ANNAPOLIS -- A task force says indoor air pollution poses a serious health risk in Maryland and could cost millions of dollars in employee medical costs and lost productivity each year.

But its report to Gov. William Donald Schaefer recommended against state regulations on indoor air quality. The 15-member Indoor Air Quality Task Force said the answer lies in education and outreach programs. Government regulation would be too expensive and tedious, the task force said.

The correction of indoor air problems is often best achieved by a common sense approach, good ventilation and elimination of obvious sources, it wrote in a final draft of its report, expected to be published later this month.

Included are replacement of harsh solvents with safer alternatives, capping old building materials with nontoxic paints and better maintenance of humidifiers, which can be a fertile breeding ground for microorganisms if they aren't properly maintained.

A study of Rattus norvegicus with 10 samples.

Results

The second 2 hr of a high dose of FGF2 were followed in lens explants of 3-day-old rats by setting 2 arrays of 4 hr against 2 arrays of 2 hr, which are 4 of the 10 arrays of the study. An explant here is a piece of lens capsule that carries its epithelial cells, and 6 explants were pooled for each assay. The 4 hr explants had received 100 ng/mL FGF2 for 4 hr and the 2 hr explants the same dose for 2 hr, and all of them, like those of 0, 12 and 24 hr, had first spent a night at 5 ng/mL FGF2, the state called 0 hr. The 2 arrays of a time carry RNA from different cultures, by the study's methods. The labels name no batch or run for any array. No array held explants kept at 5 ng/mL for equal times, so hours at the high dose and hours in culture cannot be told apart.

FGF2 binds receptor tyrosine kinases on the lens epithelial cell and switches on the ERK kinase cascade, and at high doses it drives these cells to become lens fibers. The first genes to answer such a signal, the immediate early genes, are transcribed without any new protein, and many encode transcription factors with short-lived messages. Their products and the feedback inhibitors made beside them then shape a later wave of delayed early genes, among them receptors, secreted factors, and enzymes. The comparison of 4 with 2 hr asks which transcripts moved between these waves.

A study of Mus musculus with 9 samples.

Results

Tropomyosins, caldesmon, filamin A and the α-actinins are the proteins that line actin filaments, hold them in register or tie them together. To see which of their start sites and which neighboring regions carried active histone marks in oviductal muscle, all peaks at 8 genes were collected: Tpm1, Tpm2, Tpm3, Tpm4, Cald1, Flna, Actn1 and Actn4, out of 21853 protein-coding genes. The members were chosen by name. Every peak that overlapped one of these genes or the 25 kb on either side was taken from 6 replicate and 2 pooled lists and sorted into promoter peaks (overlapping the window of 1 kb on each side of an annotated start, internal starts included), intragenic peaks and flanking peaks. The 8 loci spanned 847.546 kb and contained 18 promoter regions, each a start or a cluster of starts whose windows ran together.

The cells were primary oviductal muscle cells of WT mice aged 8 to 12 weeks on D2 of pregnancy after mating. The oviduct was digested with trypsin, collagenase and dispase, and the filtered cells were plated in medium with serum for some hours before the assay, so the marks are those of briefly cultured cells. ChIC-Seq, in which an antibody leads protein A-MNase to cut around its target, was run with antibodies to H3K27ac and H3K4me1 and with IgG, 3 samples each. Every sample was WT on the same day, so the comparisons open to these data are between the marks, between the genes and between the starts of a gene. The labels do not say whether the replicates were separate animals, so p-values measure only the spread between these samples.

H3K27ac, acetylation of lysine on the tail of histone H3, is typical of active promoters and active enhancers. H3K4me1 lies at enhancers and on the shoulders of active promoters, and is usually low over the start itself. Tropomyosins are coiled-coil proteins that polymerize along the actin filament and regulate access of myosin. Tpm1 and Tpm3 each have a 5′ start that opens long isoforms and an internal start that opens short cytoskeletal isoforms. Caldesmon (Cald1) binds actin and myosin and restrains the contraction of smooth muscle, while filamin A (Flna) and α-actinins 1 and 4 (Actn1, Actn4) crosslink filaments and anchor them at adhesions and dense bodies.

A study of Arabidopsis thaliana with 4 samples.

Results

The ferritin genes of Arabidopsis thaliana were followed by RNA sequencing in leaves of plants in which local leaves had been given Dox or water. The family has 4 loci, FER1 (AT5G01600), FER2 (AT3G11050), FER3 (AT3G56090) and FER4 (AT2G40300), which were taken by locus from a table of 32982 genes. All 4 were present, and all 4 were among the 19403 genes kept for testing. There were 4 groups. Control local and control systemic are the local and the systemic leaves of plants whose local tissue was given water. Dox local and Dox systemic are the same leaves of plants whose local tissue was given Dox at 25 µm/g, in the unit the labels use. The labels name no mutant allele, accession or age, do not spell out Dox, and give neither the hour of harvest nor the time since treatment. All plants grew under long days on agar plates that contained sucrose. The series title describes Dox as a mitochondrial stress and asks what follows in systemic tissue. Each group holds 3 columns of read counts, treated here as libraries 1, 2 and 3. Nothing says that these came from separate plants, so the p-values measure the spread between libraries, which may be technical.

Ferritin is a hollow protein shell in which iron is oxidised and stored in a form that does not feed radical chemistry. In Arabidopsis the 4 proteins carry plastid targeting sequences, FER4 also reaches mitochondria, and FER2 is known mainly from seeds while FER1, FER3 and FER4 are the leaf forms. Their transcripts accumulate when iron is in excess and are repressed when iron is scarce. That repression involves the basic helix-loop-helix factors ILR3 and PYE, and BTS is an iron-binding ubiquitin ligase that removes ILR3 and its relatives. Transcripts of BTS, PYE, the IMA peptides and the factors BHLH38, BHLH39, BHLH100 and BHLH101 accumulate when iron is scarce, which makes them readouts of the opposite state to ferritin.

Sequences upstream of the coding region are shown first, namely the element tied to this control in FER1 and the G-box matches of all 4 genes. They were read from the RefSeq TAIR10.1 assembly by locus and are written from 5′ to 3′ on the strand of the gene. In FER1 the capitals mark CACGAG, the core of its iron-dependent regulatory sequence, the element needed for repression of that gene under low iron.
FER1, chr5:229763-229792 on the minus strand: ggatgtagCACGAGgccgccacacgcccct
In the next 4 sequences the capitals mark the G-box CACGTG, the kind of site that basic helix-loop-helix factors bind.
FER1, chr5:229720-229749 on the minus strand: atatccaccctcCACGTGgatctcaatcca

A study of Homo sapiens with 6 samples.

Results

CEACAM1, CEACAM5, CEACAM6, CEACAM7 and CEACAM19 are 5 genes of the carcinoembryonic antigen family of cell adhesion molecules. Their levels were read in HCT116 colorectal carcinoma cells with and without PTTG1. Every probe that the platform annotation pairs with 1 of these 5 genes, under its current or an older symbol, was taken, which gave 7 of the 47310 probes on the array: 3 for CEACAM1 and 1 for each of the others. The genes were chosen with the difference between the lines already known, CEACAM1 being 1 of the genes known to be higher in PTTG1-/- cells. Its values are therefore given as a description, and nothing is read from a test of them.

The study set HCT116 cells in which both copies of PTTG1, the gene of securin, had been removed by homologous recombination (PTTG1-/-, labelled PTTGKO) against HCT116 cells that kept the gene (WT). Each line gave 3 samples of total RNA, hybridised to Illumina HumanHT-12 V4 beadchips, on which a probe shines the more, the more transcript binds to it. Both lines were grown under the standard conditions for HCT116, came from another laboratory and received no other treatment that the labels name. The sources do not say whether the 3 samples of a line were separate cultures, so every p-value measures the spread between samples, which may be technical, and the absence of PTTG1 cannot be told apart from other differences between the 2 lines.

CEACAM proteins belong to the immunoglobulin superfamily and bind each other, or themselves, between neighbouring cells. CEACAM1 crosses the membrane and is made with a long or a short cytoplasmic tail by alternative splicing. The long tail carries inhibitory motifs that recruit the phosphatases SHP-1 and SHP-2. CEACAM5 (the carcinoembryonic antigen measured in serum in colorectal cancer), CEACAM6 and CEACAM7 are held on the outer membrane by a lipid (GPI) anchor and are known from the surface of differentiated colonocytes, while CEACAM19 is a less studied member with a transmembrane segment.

Workers, health groups and environmentalists had wanted more government intervention, arguing that the private sector hasn't done enough to combat the problem.

The task force, created by the General Assembly in 1988, reasoned after two years of study that indoor pollution sources are diverse, often microscopic and difficult to trace. They include cleaning solvents, dust, pesticides, fabrics, cigarette smoke, mildew and animal hair.

Indoor air pollution, a relatively new phenomenon, originated with architectural designs after the 1970s oil crisis. The designs emphasize tightly closed, energy-efficient buildings.

In such confines, people become susceptible to toxic fumes from solvents and paints and from bacteria that forms in poorly maintained air conditioners.

Perhaps the most famous indoor pollution case was the discovery of Legionnaires' disease in 1976. Bacteria in a cooling vent led to the deaths of 29 people from a baffling pneumonia-like illness at a Philadelphia hotel. The National Centers for Disease Control in Atlanta estimates that 25,000 people a year get the disease in the United States.

More typically, indoor air pollution causes a sore throat, headaches, runny eyes and nose, fatigue, and odor and taste complaints. In more serious cases, victims become nauseous and faint.

Employees close to computer screens, photoprinting and carbonless paper complain most of sickness linked to indoor air pollution, according to the report. Young children and the elderly also are susceptible.